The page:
Redefining the word terrible
The following is a previously published column by BCR Senior Staff Writer Donna Barker.
My definition of terrible got changed on Saturday night.
I was just taking the dinner rolls out of my oven Saturday evening when I got a call from my associate editor saying there was a house fire near Tiskilwa. Because it was my weekend to work, I knew I needed to drive there and get some pictures for the paper.
After getting off the phone, I looked around my kitchen. The table was set, and dinner was ready to be served. We had company. Fortunately, our company was family members who I knew would understand if I had to leave. I told everyone to go ahead without me, and I would be back as soon as I could.
As I got in my car and headed toward Tiskilwa, I admit I kept thinking how terrible this evening was turning out for me. This fire thing had terrible timing, right at the start of my dinner time. It was terrible that I couldn’t stay home and enjoy being the hostess and enjoy my family. It was terrible, terrible, terrible.
As I got a few miles down the road, I looked across the sky toward Tiskilwa, and I could see the black smoke, way too much smoke to be from a little fire. I began to realize maybe this night wasn’t about me.
A few minutes later, I pulled back into the lane that led to the burning house. There were probably close to 10 fire trucks parked in the field in front of the house, and firefighters and hoses were everywhere. But what really drew my attention was the massive amount of smoke still pouring through the windows, doors and remaining walls of the two-story home. As I looked closer through the smoke, I could see pockets of flames burning from one corner of the house, and then another.
As I watched the scene before me, I realized this fire and this loss of home was the real definition of the word “terrible.” How could I ever have been so foolish and self-centered to get upset about a meal time, when just a few miles away another family was losing most everything they owned? Though I’ve been a senior citizen by AARP standards for several years, I decided it was time for me to grow up and realize again the world doesn’t revolve around me.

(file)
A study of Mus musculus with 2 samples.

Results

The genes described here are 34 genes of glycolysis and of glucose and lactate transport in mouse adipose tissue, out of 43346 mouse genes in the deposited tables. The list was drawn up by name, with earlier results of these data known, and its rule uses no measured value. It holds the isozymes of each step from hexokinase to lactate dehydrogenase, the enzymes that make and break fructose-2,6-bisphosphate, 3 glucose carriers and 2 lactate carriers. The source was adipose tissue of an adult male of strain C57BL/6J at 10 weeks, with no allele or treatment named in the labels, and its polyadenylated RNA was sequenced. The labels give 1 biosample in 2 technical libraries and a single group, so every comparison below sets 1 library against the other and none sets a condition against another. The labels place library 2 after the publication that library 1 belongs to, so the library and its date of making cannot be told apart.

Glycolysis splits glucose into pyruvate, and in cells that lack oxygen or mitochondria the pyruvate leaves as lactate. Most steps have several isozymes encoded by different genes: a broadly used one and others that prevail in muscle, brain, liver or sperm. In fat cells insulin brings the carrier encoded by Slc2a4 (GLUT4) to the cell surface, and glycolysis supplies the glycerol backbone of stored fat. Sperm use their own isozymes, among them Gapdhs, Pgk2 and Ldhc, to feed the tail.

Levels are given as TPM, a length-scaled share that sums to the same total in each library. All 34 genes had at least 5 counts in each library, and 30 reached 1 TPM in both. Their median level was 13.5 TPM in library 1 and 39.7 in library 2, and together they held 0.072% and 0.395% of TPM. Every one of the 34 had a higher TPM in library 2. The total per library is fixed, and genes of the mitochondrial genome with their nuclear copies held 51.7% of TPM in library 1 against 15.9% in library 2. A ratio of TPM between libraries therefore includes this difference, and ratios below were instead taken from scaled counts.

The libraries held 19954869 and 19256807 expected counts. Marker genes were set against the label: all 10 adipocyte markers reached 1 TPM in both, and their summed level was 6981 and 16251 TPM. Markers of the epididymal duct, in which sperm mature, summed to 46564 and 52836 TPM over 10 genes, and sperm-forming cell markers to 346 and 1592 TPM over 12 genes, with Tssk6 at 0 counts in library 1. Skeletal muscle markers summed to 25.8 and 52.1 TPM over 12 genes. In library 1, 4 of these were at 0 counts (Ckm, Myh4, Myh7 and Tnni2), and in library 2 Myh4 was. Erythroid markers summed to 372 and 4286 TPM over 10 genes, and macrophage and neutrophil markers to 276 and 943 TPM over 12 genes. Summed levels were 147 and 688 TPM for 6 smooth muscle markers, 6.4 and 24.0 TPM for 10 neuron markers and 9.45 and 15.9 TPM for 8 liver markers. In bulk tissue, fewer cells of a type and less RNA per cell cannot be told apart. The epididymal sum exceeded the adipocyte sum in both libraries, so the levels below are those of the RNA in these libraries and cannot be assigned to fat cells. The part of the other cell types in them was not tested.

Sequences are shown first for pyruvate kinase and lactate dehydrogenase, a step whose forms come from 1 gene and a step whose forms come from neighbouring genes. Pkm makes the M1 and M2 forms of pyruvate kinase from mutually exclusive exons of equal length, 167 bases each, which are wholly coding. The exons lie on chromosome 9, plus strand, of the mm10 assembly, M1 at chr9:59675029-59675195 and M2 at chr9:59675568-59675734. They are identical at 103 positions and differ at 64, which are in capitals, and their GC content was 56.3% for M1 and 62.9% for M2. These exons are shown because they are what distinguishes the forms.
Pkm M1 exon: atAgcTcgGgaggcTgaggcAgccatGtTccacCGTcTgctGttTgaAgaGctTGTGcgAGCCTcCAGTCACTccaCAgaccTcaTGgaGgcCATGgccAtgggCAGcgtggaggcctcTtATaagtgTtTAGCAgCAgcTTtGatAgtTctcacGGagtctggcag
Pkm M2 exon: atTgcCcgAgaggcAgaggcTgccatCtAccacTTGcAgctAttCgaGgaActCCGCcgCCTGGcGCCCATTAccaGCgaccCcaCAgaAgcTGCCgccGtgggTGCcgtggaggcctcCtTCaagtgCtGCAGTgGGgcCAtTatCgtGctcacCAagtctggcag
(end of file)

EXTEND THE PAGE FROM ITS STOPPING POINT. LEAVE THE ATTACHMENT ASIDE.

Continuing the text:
I stayed at the fire site for more than an hour. I got my pictures for the newspaper, but more than that, I got to witness some amazing people.
I watched the firefighters working with determination and selflessness. I wondered what their evening plans had been, especially those of the volunteer firefighters, before they got the emergency call. Whatever those plans might have been, they were placed aside while the firefighters did their job.
And then I watched the gentleman who lived in the burning house, as he put his arm around his wife, and they watched together as their house burned. I was overwhelmed with their strength and calm. Later, I saw the man walk up to several firefighters and shake their hands.
I couldn’t help but wonder if I would have one-tenth of that couple’s gentleness and strength if it were my home burning.
A short time later, I walked back across the field to my car and drove away from the fire scene. Looking back, the flames and smoke were still visible at the house. The firefighters, the family and their neighbors were, of course, still there. There was no escaping the reality of the situation for them.
As I drove through Tiskilwa, I pulled off on a side street to text my family that I was on my way home. I noticed a woman in her yard and realized it was Lori Compton, director of the Bureau County Red Cross. She was making arrangements for food to be taken to the firefighters. I smiled and waved, thankful for one more example of neighbors helping neighbors in time of trouble.
Coming through Tiskilwa, I noticed the message on the Tiskilwa Community Association sign board at the West End Park. The message said “Life Shrinks or Expands in Proportion to One’s Courage.”
Reading the sign, I thought about the fire scene I had just left and of all the examples of courage I had witnessed in the family and the firefighters.
I also thought about the word terrible, and how I hopefully won’t use that word again unless the situation truly merits it.
BCR Senior Staff Writer Donna Barker can be reached at firstname.lastname@example.org.